Learn the truth about some common misconceptions about Reverse Mortgages.

I could lose my home. With a reverse mortgage you retain ownership of your home and control of your title. You can remain in your home as long as you wish and cannot be evicted or forced to sell as long as you follow the loan guidelines; pay taxes and insurance; and maintain the home.

My children will have to pay back the loan when I am gone. A reverse mortgage is a “non-recourse” loan. This means the lender can only be paid from the proceeds of the sale of your home—if, and when, you decide to sell. When the home passes on to your heirs, the lender is paid from the proceeds and your heirs retain any additional equity that has accumulated. In order to retain the home, the heir must pay the loan balance, which may exceed the value of the home.

I won’t qualify because I am in poor health. There are no health requirements on a reverse mortgage. The only requirement is that the homeowner is age 62 or older. I can’t afford to make monthly payments on a reverse mortgage. There are no principal or interest payments on a reverse mortgage—the lender pays you either a lump-sum payment or a monthly payment. The borrower is still responsible for tax and insurance payments. I won’t qualify because I have a mortgage on my home. You can still qualify for a reverse mortgage if you have current debt on your home. Any debts are paid off with the proceeds of the reverse mortgage.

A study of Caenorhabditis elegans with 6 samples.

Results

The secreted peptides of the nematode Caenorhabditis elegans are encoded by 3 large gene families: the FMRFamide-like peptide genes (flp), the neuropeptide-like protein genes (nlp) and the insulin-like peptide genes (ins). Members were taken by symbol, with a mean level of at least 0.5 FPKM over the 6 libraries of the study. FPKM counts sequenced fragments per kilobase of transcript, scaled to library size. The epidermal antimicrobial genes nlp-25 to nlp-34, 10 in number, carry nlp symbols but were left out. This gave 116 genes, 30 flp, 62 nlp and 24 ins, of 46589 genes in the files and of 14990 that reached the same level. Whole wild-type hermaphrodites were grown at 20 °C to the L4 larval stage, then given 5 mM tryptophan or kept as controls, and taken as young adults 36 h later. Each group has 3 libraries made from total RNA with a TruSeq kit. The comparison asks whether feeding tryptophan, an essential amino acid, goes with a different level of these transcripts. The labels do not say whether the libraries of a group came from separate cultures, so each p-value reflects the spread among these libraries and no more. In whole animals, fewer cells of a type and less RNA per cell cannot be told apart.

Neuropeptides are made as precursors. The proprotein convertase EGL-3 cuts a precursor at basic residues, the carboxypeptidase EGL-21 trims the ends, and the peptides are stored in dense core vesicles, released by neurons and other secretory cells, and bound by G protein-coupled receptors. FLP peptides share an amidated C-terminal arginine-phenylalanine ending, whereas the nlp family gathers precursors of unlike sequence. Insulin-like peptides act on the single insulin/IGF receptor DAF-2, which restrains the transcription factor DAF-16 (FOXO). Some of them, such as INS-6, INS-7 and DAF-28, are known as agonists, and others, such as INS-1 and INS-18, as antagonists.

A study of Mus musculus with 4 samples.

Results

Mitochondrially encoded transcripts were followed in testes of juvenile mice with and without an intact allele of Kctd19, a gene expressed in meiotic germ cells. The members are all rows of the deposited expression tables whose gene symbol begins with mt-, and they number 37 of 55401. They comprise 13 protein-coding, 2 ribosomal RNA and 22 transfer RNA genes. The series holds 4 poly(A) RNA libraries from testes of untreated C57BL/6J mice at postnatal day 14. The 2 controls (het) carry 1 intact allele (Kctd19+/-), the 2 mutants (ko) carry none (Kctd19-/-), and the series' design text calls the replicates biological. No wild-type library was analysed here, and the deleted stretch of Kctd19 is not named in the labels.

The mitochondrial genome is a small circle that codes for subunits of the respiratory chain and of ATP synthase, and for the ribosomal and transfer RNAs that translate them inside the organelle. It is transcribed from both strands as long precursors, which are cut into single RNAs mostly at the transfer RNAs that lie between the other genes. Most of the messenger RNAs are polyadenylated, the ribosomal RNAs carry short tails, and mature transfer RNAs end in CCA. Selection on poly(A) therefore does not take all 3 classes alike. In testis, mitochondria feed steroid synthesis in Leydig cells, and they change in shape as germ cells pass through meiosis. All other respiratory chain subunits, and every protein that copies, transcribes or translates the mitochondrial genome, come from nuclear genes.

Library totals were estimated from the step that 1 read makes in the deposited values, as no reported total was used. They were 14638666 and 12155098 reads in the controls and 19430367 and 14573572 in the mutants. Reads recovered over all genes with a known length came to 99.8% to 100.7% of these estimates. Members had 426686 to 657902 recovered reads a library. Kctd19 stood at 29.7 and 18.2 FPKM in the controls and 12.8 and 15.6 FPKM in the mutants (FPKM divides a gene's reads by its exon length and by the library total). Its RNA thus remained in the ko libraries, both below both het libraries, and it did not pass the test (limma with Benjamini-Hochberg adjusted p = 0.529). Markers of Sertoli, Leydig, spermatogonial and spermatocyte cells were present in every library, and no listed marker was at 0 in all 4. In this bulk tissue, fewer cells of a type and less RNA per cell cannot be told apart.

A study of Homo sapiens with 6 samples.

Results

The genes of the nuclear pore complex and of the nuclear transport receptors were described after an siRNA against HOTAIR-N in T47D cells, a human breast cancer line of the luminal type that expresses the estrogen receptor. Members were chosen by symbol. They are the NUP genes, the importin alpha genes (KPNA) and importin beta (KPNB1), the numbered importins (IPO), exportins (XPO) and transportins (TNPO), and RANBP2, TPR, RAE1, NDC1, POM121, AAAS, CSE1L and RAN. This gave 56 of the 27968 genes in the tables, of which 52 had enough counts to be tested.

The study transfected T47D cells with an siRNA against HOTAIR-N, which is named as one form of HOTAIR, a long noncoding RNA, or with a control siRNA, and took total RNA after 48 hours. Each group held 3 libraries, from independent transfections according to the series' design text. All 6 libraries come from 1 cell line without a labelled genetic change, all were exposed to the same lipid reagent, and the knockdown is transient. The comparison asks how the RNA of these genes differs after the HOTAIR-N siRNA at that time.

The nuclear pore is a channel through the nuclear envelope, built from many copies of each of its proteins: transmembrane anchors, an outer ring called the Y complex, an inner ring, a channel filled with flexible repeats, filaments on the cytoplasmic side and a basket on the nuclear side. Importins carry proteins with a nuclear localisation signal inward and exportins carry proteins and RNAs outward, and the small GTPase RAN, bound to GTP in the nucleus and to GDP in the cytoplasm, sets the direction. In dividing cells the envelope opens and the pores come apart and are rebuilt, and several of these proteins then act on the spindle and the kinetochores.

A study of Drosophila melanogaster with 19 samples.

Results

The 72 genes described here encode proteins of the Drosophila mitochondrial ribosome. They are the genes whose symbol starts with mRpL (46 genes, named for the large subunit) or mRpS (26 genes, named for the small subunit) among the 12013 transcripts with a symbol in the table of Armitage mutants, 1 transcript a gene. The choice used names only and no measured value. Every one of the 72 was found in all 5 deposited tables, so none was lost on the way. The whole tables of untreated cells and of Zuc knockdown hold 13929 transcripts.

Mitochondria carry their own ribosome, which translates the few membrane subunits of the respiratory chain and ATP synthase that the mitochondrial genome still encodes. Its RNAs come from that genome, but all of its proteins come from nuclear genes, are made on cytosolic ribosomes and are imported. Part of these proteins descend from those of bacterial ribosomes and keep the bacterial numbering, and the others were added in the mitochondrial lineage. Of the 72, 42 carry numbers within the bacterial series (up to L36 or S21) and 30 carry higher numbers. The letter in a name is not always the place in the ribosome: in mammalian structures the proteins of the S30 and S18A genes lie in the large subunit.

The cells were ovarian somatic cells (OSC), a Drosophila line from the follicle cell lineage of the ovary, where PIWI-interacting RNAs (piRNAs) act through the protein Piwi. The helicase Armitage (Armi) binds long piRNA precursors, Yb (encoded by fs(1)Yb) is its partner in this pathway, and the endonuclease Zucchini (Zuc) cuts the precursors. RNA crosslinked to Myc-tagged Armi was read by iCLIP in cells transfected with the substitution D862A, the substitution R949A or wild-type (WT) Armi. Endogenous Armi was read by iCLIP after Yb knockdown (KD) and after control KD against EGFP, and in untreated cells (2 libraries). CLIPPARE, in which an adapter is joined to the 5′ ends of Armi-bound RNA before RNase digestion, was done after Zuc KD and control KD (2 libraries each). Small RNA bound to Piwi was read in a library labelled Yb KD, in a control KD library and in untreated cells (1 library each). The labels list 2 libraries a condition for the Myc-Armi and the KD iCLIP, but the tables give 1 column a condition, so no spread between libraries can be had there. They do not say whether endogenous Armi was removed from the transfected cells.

Only someone who is ‘cash poor’ needs a reverse mortgage. Even if you do not have a pressing need for cash or additional monthly income, a reverse mortgage can be a terrific estate-planning tool. You can use the proceeds for anything else you choose.

A reverse mortgage is expensive. Not necessarily. While a reverse mortgage generally costs more than a conventional loan, is it much less expensive than selling your home, relocating and assuming new monthly expenses. A reverse mortgage is not right for everyone, this is why each potential borrower must complete HUD-approved counseling before applying.

For many homeowners, a reverse mortgage is an excellent way to access the equity that has built up in their home without taking on additional debt or selling the home. The strict guidelines and protections built in to reverse mortgage programs by the federal government and adhered to by FHA-approved lenders make it a safe and secure process.

Additional information on Reverse Mortgages:



Sue Vrbaskovich
Reverse Mortgage Specialist
NMLS# 355380
504-834-1190, ext. 128

Marilyn Cox
Reverse Mortgage Specialist
NMLS# 685994
504-834-1190, ext. 357


These materials are not from HUD or FHA and were not approved by HUD or a government agency. Bank of New Orleans NMLS# 329248.